The word apprentice means a person who is under an obligation to work for his master for a period of time for which he receives his master’s instruction for his profession, art or occupation. During the Victorian Era, the concept of apprenticeship was very popular. There were many people who worked as apprentices during the Victorian era.
The apprentices were bound to serve their masters by indenture i.e. a written contract. The indenture bound both the masters and the apprentices equally to perform their part of the contract.
If either of them neglected it, both were liable to be summoned before a magistrate and answer the complaint against them. The master was under the obligation of teaching his business to the apprentice and apprentice was under the obligation to obey his master’s instructions.
Although, no particular time period was prescribed by the law, however, the apprentice could not be forced to work for an unreasonable period of time. Duration of more than 12 hours was considered as unreasonable. Compelling an apprentice to work on Sunday was completely illegal.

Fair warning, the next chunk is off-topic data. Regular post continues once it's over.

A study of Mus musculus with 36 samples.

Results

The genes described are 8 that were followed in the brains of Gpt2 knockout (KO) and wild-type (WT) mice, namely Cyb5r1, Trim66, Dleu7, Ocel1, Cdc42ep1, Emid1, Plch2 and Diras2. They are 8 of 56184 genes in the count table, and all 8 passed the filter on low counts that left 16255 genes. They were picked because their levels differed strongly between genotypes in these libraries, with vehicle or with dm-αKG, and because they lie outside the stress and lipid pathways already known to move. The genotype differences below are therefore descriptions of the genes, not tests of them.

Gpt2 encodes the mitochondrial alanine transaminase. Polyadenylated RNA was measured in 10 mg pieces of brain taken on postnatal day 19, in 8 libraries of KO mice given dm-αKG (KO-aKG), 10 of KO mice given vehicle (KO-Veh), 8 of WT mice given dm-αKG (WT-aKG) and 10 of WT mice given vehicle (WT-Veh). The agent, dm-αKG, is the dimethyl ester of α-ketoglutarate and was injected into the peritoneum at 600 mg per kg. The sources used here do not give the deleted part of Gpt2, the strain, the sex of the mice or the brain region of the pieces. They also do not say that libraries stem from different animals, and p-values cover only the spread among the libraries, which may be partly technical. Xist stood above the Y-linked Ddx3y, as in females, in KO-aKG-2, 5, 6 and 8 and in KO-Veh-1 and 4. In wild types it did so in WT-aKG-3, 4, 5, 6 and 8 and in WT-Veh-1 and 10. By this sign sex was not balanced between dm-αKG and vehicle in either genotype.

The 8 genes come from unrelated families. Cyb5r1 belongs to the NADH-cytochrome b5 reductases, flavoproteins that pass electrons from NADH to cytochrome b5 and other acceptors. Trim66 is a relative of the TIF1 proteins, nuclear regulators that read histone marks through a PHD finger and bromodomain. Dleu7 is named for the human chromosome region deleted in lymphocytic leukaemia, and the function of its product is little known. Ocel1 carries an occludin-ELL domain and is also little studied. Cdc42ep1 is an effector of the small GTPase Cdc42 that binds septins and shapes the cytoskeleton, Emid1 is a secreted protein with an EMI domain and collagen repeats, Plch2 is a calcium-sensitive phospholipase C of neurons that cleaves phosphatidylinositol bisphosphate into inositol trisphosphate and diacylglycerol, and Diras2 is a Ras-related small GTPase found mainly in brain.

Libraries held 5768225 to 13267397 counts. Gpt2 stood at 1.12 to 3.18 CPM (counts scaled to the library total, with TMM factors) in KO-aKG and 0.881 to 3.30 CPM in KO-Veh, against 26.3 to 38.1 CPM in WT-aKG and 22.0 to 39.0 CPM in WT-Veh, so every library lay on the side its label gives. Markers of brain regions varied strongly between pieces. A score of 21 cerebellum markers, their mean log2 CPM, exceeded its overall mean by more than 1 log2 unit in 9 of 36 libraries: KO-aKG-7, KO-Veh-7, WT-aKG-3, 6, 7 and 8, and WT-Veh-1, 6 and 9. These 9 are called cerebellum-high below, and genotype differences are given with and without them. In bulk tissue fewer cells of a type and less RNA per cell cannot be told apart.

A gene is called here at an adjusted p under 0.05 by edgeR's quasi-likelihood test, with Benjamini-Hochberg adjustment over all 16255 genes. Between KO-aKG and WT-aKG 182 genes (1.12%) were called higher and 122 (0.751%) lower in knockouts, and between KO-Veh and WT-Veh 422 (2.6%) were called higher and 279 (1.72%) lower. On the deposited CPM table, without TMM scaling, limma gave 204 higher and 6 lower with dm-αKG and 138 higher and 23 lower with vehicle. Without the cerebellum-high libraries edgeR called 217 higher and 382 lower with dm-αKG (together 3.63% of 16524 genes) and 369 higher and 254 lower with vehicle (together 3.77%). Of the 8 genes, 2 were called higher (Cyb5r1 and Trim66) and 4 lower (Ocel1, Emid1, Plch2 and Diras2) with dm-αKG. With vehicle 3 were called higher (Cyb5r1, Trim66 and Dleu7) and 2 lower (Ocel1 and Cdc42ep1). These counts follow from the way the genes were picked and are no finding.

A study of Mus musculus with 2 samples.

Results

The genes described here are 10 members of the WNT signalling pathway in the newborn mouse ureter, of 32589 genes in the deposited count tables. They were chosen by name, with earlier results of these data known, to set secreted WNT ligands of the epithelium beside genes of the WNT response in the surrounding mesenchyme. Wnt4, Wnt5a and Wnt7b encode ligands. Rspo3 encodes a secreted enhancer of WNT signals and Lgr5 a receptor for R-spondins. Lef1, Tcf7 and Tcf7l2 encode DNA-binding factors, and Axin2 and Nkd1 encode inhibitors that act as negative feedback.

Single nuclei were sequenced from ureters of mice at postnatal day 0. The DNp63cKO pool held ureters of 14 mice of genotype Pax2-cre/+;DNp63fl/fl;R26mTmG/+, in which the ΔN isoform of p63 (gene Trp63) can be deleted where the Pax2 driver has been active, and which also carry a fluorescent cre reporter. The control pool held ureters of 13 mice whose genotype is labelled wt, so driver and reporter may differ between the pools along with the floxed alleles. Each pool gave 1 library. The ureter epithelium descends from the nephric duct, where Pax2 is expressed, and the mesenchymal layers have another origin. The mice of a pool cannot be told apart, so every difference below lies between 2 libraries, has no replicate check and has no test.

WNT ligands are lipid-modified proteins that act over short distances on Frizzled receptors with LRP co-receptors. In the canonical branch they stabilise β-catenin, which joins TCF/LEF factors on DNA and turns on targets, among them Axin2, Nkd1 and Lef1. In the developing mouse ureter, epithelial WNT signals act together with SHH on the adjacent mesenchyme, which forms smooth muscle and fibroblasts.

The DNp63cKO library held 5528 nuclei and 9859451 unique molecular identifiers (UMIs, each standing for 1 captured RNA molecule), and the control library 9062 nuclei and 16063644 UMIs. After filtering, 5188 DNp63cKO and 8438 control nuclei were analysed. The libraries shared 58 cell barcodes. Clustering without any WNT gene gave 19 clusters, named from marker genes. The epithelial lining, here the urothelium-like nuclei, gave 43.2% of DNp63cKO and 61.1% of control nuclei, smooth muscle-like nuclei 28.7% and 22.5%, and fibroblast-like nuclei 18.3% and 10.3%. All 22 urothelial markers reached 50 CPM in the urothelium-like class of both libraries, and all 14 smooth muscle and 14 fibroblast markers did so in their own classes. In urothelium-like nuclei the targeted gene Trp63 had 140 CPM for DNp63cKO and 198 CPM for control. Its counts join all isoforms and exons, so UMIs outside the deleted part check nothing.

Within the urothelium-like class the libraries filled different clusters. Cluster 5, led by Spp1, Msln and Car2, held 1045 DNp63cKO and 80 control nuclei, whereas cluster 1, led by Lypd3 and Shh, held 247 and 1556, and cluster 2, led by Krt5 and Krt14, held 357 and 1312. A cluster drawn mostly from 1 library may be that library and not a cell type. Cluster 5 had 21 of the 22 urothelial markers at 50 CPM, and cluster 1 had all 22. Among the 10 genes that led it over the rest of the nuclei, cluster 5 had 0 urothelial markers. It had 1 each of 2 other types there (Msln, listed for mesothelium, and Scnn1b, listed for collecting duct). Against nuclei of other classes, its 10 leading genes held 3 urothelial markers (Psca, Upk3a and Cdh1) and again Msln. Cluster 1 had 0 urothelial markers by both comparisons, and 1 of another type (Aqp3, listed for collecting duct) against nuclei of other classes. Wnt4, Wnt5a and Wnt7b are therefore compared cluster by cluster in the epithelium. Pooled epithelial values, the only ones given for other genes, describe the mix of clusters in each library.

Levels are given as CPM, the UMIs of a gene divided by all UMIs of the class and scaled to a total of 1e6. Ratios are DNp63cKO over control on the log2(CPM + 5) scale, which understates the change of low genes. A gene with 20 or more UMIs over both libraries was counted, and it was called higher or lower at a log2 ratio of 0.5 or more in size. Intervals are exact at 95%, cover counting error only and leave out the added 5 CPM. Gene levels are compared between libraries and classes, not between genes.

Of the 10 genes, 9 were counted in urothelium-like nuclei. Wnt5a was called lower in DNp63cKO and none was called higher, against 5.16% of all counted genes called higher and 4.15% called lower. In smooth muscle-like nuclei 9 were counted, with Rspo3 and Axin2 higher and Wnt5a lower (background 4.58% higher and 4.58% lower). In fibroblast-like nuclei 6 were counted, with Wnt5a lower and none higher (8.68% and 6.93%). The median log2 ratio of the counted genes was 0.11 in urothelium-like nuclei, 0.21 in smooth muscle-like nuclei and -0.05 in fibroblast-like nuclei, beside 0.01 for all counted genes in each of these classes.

Bankruptcy was a way of discharge of indenture. Where dissolution of partnership took place, the apprentice was bound to serve the remaining members of the firm considering that the dissolution never took place. The contract of apprenticeship was a personal contract. So in the case of death of the master, the apprenticeship came to an end.
However, the indenture could be canceled by mutual consent as well. In such a case, the safest and economical way was to cut off the names and seals of the parties in the indenture, endorse a memorandum which was signed by all the parties to the effect that they had given their consent to cancel the indenture.
As apprenticeship was regarded as the most important aspect of life upon which the success depended, this decision was exercised by the parents and the guardians. The usual term of apprenticeship was seven years i.e. from 14-21 years of age.